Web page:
T-72 tank. Source: Reuters/Vostock photo
Russian President Dmitry Medvedev has issued a decree banning Libyan leader Muammar Gaddafi, members of his entourage and relatives from entering Russian territory or transiting through it. During the Mar. 17 vote at the UN Security Council on introducing military sanctions against Tripoli, Russia abstained, but earlier President Medvedev ordered sanctions against the Libyan government. The document, passed pursuant to the UN Security Council resolution 1970 of Feb. 26, forbids government institutions, industrial, trade, financial and other entities from exporting any types of weapons and weapons-related assets from the territory of the Russian Federation to Libya.
The president also banned any services to Libya involving the training of military personnel and the provision of technical, financial and other assistance that may be connected with combat activities or the use of military goods. The customs authorities at ports and airfields have been ordered to thoroughly inspect all cargo bound to or from Libya, and should any banned good be found, to confiscate them with all the consequences that entails.
Some experts claim that such harsh restrictions on Russian military supplies to the Gaddafi regime may cause $1.8 billion in damage to the Russian defense industry and entail $4 billion in opportunity costs. However, Anatoly Isaikin, the head of Rosoboronexport said that it is too soon to count losses. Moscow has yet to receive advance payment for its defense supplies to Tripoli, contracts are not yet being implemented, and until the outcome of the Libyan stand-off is known, it is premature to speak about missed opportunities. The new authorities, whomever they may be, may choose not to break off the former agreements since any government needs modern weapons and combat supplies for its army purchased according to a cost/benefit analysis.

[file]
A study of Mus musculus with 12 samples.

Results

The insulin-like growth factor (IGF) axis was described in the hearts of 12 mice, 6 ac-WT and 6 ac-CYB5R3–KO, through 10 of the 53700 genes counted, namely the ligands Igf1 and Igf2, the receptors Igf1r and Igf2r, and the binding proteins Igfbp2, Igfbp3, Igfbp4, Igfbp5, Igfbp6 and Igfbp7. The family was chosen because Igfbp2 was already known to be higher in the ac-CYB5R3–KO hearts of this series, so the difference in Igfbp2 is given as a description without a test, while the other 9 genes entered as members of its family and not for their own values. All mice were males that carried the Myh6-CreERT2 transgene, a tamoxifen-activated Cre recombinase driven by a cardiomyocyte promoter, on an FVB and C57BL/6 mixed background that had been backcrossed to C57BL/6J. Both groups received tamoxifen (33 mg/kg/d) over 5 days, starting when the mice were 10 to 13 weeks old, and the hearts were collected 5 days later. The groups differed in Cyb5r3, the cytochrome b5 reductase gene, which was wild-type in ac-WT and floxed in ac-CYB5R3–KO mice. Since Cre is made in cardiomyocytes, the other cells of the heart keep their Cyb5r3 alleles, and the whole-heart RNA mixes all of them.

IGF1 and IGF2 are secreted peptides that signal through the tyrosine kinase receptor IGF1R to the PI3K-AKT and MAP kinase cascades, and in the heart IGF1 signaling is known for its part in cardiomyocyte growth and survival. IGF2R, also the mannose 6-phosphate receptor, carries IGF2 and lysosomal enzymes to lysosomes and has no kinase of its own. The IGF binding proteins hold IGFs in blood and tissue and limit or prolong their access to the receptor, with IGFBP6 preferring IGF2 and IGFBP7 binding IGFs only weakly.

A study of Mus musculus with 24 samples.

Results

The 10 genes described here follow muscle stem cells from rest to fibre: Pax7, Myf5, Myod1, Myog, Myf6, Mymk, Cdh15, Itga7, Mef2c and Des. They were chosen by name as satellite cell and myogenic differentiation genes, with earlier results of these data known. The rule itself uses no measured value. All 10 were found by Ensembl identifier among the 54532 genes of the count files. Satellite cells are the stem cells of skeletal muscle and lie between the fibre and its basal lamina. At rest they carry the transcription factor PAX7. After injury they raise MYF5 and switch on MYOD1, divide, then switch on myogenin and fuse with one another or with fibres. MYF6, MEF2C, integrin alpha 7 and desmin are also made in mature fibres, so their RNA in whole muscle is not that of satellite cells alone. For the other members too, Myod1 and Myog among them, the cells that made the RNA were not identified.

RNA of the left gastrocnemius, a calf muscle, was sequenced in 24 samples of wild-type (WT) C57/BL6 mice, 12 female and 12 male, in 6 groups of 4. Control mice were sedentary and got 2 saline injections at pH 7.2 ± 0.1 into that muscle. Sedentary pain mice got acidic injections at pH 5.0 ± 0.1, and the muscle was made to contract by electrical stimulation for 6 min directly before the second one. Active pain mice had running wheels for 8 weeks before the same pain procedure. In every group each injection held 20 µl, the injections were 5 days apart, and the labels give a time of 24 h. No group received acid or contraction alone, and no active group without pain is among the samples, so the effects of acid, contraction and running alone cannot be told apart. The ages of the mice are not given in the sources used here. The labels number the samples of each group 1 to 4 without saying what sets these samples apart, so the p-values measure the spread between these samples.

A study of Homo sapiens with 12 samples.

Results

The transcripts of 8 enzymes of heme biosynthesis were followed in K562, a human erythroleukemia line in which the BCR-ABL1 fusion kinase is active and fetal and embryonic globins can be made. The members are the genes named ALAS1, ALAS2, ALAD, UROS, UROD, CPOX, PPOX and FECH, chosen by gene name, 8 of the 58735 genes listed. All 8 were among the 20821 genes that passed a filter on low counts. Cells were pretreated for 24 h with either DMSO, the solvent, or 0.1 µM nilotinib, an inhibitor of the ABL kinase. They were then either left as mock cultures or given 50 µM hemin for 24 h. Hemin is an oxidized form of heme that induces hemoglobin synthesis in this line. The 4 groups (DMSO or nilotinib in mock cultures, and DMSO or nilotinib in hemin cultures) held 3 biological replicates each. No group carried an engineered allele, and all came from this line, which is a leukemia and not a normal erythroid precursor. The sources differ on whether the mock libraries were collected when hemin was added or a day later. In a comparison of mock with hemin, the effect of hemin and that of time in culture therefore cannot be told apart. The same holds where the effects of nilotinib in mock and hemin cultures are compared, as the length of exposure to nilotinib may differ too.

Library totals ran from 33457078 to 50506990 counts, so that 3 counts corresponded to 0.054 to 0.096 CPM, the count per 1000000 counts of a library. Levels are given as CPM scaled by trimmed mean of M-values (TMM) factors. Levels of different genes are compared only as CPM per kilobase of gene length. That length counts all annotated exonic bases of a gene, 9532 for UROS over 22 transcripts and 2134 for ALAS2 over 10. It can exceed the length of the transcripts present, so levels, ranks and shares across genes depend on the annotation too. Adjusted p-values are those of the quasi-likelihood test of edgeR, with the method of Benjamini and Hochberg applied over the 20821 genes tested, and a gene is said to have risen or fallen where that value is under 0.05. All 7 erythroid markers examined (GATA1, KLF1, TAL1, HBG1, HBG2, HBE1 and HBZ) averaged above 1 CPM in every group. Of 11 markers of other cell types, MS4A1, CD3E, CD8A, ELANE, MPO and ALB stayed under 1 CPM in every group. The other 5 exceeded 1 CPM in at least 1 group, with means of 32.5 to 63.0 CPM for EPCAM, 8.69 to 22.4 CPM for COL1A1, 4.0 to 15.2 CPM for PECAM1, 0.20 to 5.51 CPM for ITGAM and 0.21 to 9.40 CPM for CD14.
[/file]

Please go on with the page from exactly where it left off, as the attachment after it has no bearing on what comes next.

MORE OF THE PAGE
And, according to these criteria, Russian defense goods are quite competitive, especially in North African countries. Additionally, Russian military exports have no political strings attached.
According to The Military Balance report published by the London International Strategic Studies Institute (ISSI), at the start of the conflict the Libyan forces had have about 2,000 Soviet-made T-72, T-62 and T-55 tanks, of which only 200 are more or less modern T-72s. They have no more than 450 Russian and Western-made 122mm, 152 mm and 155 mm howitzers and some Grad multiple rocket launchers, 770 fighting vehicles and armored personnel carriers M-113 and BTR-60, also Western and Soviet-made. Of air defense systems, they have Shilka self-propelled ZSU 23x4 anti-aircraft guns and anti-aircraft missiles Osa, Kub and Dvina. But the regime’s main strike force is its fighter and assault planes, the French Mirages and Soviet Mig-25, Mig-23, Mig-21, Su-24 fighter planes, American CH-47 Chinook and Russian Mi-17 and Mi-8 helicopter gunships. Gaddafi is using this weaponry against the opposition, which is now being supported by airstrikes from American and European forces.
Experts believe that even if an anti-Russian opposition comes to power in Tripoli, it would not be able to replace all its weapons with Western-made equipment overnight and it will have to turn to Moscow. That could mean very real earnings for Russian defense enterprises—depending on how much of the Libyan armed forces are destroyed in the coalition airstrikes.